1 March 2024 No Comment
In honor of Women’s History Month, three former ASA presidents share career highlights, role models, and invaluable advice.

Kathy Ensor, wearing glasses, pearls.

Kathy Ensor, 2022 ASA President

Why did you choose your career?
As an undergraduate and master’s student, I studied math, computer science, probability, and statistics. I loved each of them and did well throughout my studies. However, I found statistics was an excellent combination of all these interests. I found my way to Texas A&M for a PhD in statistics and appreciated every day the great choice I had made. As I learned more about our field, I understood the truly phenomenal contributions we can each make to society through a deep understanding of statistics. I joined the new department of statistics at Rice University immediately upon finishing my PhD. I enjoyed living in Texas and was—and still am—excited by all Rice and Houston have to offer.

Tell us about a woman you looked up to and why.
Thinking back, I appreciate the efforts of 2007 ASA President Mary Ellen Bock, 1996 ASA President Lynne Billard, and Curators Distinguished Professor Nancy Flournoy, who mentored me from afar in those early years as a young professor. I always appreciated Lynne’s approach to statistical problem-solving and read many of her papers in my early career. Also, as a student of Joe Newton and the frequent opportunities to discuss statistics with the late Manny Parzen, I heard much about Grace Wahba and, of course, am in awe of all she has contributed.

I will also say I look up to almost every teacher I had throughout my education, including those phenomenal educators who nurtured my talent and many interests throughout K–12 and beyond.

What advice do you wish someone had given you before you started your career?
I received great advice in those early years, including a comment from my dad: “Take care of business and everything else will work out.” I had no idea at the time what he meant by “everything else,” but alas, now that I know, yes, he was correct. My passion for our field, from the people to the knowledge to the impact, grows every day. Stay curious, stay engaged, and be kind and generous to yourself and others.

    Photo of Sally Morton, short hair.

    Sally C. Morton, 2009 ASA President

    Why did you choose your career?
    An interest in solving applied math problems sparked me initially, and then I became very intrigued by evidence-based decision-making in policy. How can statisticians and statistics contribute to making decisions more data-driven? How do we communicate analyses effectively? As I have segued more recently in my career to leadership positions, I am energized by the fulfillment of supporting others to perform at their best.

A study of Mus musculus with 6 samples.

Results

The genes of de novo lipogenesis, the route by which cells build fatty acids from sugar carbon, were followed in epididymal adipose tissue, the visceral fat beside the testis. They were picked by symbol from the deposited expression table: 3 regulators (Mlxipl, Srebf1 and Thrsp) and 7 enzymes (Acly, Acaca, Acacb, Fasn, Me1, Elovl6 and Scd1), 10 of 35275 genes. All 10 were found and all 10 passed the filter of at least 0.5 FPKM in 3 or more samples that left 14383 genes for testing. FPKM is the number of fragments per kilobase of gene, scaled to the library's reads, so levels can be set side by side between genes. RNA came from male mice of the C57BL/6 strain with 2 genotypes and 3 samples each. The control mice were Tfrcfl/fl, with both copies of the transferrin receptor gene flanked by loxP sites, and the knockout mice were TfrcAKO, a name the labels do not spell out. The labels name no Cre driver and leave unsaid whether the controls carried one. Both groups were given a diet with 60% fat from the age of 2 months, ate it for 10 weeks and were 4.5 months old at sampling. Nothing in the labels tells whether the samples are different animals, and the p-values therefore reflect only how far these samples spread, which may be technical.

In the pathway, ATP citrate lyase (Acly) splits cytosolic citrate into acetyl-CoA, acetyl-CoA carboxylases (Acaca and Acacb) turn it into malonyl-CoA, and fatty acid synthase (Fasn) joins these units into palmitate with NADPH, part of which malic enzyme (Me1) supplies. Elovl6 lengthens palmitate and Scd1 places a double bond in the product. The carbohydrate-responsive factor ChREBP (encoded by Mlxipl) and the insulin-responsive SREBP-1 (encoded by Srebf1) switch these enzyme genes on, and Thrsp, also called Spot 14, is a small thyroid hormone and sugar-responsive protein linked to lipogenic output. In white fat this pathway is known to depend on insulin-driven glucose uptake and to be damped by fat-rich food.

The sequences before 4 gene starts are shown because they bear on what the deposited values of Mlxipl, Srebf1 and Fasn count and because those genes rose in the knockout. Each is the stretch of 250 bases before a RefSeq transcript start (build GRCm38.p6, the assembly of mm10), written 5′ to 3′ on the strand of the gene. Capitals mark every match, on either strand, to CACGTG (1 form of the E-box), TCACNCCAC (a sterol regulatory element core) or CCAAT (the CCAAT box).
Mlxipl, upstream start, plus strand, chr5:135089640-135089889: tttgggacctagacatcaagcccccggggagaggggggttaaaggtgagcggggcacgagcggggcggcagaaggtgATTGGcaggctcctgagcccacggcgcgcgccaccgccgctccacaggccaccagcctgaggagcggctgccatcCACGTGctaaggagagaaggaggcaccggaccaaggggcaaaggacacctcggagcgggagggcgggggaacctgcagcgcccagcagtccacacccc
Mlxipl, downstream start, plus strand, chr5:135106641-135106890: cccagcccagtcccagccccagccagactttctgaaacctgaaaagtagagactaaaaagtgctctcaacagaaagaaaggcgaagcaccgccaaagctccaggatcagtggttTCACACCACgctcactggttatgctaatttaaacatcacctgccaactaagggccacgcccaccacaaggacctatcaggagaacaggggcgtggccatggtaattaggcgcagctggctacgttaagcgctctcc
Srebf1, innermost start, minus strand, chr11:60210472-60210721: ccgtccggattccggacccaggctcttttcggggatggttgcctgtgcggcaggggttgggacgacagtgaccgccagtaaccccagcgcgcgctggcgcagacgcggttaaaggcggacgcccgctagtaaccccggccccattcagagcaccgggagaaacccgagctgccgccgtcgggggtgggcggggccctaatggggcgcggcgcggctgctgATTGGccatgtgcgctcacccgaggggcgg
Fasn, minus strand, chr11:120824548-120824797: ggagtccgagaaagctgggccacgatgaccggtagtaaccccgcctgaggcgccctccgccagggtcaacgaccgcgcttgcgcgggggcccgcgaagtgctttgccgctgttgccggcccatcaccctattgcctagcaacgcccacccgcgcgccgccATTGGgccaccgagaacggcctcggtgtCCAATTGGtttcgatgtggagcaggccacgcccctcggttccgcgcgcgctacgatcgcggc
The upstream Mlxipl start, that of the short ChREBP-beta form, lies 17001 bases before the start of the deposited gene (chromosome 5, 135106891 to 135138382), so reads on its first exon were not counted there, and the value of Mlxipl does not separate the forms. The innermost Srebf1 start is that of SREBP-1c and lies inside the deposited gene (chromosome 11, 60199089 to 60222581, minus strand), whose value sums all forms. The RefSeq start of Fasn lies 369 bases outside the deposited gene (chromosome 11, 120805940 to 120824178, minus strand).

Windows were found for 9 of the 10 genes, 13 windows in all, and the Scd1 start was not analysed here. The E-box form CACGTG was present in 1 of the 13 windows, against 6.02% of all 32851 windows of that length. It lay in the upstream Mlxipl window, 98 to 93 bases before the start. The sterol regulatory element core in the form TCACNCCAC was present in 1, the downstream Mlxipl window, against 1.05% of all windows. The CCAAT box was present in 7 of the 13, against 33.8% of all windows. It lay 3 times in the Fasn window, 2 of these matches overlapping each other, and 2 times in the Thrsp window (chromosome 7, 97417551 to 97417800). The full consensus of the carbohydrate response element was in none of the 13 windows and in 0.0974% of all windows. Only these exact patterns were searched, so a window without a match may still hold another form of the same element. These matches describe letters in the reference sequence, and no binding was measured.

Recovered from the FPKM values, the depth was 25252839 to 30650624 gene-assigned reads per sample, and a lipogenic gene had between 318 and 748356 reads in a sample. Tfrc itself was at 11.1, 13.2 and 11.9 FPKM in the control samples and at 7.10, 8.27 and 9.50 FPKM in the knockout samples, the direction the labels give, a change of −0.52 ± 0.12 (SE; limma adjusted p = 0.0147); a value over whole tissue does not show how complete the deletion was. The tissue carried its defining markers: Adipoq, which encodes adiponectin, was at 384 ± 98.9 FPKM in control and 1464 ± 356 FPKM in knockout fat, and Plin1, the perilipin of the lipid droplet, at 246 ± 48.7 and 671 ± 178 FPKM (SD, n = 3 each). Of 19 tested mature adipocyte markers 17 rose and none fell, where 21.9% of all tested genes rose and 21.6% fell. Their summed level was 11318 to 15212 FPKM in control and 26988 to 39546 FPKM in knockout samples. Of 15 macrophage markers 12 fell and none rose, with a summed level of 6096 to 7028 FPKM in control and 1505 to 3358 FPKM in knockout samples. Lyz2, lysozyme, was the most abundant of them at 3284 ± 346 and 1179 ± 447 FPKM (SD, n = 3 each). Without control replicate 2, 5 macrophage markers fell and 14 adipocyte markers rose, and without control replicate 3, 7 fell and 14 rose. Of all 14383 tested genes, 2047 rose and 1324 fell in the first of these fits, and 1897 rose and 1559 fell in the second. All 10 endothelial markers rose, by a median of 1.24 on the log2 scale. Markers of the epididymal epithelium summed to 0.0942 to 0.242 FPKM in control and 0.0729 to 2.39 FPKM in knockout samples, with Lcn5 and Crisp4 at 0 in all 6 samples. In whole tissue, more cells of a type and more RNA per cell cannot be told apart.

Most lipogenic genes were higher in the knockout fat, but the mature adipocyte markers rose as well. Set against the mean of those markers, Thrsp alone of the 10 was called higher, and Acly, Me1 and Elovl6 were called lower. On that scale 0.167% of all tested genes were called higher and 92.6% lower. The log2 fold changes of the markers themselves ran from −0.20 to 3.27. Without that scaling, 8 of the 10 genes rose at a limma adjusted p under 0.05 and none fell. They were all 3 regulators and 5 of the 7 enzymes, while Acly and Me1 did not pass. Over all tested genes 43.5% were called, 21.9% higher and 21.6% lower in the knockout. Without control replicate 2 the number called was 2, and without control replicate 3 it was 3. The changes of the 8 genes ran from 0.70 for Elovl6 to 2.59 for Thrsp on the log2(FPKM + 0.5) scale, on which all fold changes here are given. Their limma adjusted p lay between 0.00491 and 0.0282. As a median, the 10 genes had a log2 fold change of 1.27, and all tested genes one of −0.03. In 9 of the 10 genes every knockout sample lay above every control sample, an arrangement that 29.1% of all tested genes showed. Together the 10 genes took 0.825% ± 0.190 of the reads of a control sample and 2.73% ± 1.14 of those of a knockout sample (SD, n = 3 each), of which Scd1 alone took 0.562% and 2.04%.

Tell us about a woman you looked up to and why.
    From childhood, my mother. She was my first role model, a constant inspiration, and a trailblazer in medicine. She believed and demonstrated that women can do anything they put their minds to. Also, over the past decade, the early-career generation of women who are taking our discipline forward with respect to impact, methodology, and inclusion. What an important difference they are making. And I have many other heroines such as the other women being interviewed today, Janet Norwood, Katherine Wallman, and others.

    What advice do you wish someone had given you before you started your career?
    Be confident and take chances! You can do this, and the world needs you.

      Photo of Wendy Martinez, short hair, big smile

      Wendy Martinez, 2020 ASA President

      Why did you choose your career?
      I had a lot of different careers in mind growing up—lawyer, archeologist, astronaut, and engineer. I started out taking a lot of classes in history, thinking I wanted to be a historian. However, I decided to pursue engineering, thinking those jobs would be plentiful. I also suspected there were fewer female engineers at the time. I liked that because I wanted to make a difference for women in STEM professions.

      I subsequently completed an undergraduate degree in mathematics and physics and a master’s degree in engineering. Afterward, I got a research job at the Naval Surface Warfare Center in Dahlgren, Virginia, where my colleagues encouraged me to pursue a PhD in computational sciences and informatics (with a concentration in statistics) at George Mason University.

      While it was hard going to school for a PhD with two teenage children and working full time, I found it exciting to apply the concepts I learned in statistics classes to real-world problems. I’ll never forget the time one of the supervised learning models I helped develop actually worked in the field!

      Tell us about a woman you looked up to and why.
      There are several women I look up to. For one, I feel blessed to have the opportunity to work with Donna LaLonde of the ASA on many projects. Her ability to make strategic connections is unparalleled, and I learn something from her every time we meet.

      However, going back to the beginning, I would have to say the woman who motivated my educational goals is my mother. She had four children, each one a little over a year apart, at a time when women were meant to stay in the home. She went to school while still taking care of a household and completed her degree in mathematics, eventually becoming a high-school teacher. So, I guess she taught me to go for my dreams, even though it might be challenging.

      What advice do you wish someone had given you before you started your career?
      I think the advice I want to give my younger self would be the following: “Do not be afraid to try something new. Do not be afraid to pursue your dreams. You probably do not feel prepared or worthy, and you might fail, but you will still learn something along the way. Don’t let fear hold you back.”